10 Things I Learned Six Months After Coming Out

Just because you come out, you don't immediately have an injection of confidence that gets rid of the insecurities. At least for me it didn't.

10. Coming out won't change the fact that you're still insecure about some things.
Just because you come out, you don't immediately have an injection of confidence that gets rid of the insecurities. At least for me it didn't. I still am shy around someone I find really attractive. I'm still nervous when someone asks me what I think about a certain guy. Getting over some of those takes time, don't be embarrassed by them, but don't let fear grip you either.

9. Suddenly life seems less worrisome, and things a bit more clear.

It may sound cliché, but once you come out, I literally felt like I didn't have a worry anymore. Don't get me wrong, I didn't feel on top of the world, but I knew the energy I spent trying to hide or wrestle with it, and keep it from some people, could now be spent in a healthier way, freeing my mind to see life, and truly live life for the first time. People will say you have "a glow" about you -- just not the pregnancy one!

8. It's like Instagram knows you're out.

Suddenly you come across a lot more hard bodied reminders of what your body DOESN'T look like, but a little double tap on the screen keeps you hoping somehow he sees your like, and he starts following you back, and then he DM's you, and then you exchange numbers, he schedules a trip from Europe to come and see you, and then you live happily ever after. Really? I'm the ONLY one who has wished this!?

7. Dating doesn't get any easier once you come out.

Just the opposite in fact. Ok, so maybe meeting your future Mr. Right on Instagram isn't gonna happen. Somehow, I thought dating would be easier and a relationship would come soon after. If I'm out, others will see me as approachable, and hopefully more attractive. NOPE! With all of the apps, dating sites around today, finding someone genuine to grab coffee with, or go to dinner with is still just as hard. So until it gets easier, I'm told to just keep putting myself out there.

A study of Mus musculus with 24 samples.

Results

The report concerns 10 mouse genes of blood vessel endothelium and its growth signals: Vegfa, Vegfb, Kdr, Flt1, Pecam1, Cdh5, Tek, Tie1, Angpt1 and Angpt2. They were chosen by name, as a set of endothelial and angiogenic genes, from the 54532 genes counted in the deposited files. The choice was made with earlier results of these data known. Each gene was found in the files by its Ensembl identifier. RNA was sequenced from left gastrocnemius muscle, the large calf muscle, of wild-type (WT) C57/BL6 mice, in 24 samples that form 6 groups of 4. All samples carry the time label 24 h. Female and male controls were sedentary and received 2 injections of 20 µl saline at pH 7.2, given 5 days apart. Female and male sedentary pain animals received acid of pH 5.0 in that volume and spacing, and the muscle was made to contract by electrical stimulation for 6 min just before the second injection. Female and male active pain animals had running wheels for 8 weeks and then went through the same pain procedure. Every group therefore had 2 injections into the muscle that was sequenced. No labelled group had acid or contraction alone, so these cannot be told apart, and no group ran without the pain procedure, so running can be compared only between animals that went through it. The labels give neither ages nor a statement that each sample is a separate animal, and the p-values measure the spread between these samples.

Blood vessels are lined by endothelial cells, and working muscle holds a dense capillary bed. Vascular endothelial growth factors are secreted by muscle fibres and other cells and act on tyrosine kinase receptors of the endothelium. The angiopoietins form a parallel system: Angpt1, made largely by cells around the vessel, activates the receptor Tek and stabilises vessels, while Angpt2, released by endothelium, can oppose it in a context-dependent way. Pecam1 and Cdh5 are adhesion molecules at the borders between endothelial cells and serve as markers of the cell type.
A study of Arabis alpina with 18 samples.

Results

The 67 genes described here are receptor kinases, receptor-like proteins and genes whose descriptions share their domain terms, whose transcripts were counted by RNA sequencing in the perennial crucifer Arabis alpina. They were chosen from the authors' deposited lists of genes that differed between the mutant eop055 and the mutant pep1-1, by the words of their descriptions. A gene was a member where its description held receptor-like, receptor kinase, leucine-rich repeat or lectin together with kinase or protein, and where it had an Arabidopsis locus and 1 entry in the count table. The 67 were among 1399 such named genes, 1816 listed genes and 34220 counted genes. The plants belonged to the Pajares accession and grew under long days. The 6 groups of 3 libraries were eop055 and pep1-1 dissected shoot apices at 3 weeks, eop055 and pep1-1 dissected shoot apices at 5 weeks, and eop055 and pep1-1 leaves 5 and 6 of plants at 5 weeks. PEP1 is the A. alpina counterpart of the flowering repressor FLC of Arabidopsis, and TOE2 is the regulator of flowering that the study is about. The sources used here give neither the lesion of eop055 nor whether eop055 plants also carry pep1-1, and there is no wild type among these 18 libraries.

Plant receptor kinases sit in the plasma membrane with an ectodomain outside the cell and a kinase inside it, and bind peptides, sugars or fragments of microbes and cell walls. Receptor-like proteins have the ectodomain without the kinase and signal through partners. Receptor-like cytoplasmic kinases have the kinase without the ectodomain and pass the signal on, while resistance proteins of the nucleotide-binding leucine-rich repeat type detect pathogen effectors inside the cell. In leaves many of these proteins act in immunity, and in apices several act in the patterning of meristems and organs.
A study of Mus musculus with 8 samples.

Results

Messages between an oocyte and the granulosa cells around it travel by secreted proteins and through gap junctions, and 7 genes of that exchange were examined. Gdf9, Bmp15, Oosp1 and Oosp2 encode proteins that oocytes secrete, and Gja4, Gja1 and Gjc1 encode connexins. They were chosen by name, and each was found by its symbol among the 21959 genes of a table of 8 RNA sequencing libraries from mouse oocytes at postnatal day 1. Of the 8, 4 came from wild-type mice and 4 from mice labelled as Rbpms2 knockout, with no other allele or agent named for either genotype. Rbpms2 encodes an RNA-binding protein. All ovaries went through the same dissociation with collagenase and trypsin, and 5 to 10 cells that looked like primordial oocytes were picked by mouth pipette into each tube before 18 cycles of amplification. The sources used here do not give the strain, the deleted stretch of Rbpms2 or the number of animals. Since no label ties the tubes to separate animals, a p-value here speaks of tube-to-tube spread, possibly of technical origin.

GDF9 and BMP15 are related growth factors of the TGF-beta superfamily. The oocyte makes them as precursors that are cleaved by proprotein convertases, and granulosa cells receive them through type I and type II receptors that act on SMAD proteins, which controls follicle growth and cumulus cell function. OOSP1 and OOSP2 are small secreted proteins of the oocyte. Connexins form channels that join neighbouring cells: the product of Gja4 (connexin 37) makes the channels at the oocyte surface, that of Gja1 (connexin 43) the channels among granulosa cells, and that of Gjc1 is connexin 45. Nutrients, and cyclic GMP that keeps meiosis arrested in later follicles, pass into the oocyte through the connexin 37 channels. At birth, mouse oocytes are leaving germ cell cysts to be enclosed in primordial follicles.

6. Not everyone will support you, that's OK.

They, don't have to be ok with it, YOU do! While it may be 2014, still there are some people that aren't ok with you... being YOU. (It sounds crazy I know!) I found out, not everyone is going to be cool with you coming out. I refused to let that get me down, but rather used it to have conversations to get people to see one another as equals, no matter what the differences are, homosexuality aside.

5. Your coming out can be a catalyst for someone else's, yet their story will inspire you daily!

I came out publicly in a blog post, and never expected the amount of feedback (positive and negative) that I got from it. Still, while people said how much my post helped them make the decision to come out, there are countless of stories each day that have inspired me when reading or watching them -- that have me as nervous as hell as I was before pressing submit on my post. Its people like Sam Smith, Tom Daley, Ellen Page, and Ben Hobson, that I literally imagine myself right there with in their moment of vulnerability, saying "I stand with you, even if no one else will."

4. You run out of places to go and eat.

Sure there is always the club, but who wants to go there on a Wednesday night!? Chick-fil-A doesn't want you eating their chicken biscuits. Arizona business can refuse your patronage. Cracker Barrel won't let you stand behind the register of their country store, wearing an ill fitted, hideous brown apron. (See #6. Ugh, fine, to the club on a Wednesday it is...)

3. Some people aren't ready to talk about it yet. (EVEN THOUGH it's been six months)

Just because some are taking longer to digest it than Bruce Bogtrotter eating chocolate cake in Matilda, give them time. They may never actually say anything about it at all, and others may just not be sure WHAT to say.

2. You notice you take a stand for more social issues.

Before you come out, you are so concerned with hiding who you are, that you really are afraid to speak up for some things, because then people may "be on to you" and begin to figure out the secret you're trying to hide. Once out, you realize that having a voice, and standing against injustices and in favor of equalities is truly the only right way. I even felt a little embarrassed and ashamed I tolerated some things at times, by saying nothing at all.

And the MOST SHOCKING thing I learned six months after coming out...

1. Not that much has changed...

You are still you. You still shop at the places you did before, hang with the people you did before, listened to the same music you did before. Why? Because YOU were being YOU all along. The sooner you realize that you are no different, and have great things to offer in life, the sooner others will begin realizing that and treating you as such. You were you, you've always been you, and you should ALWAYS BE YOU!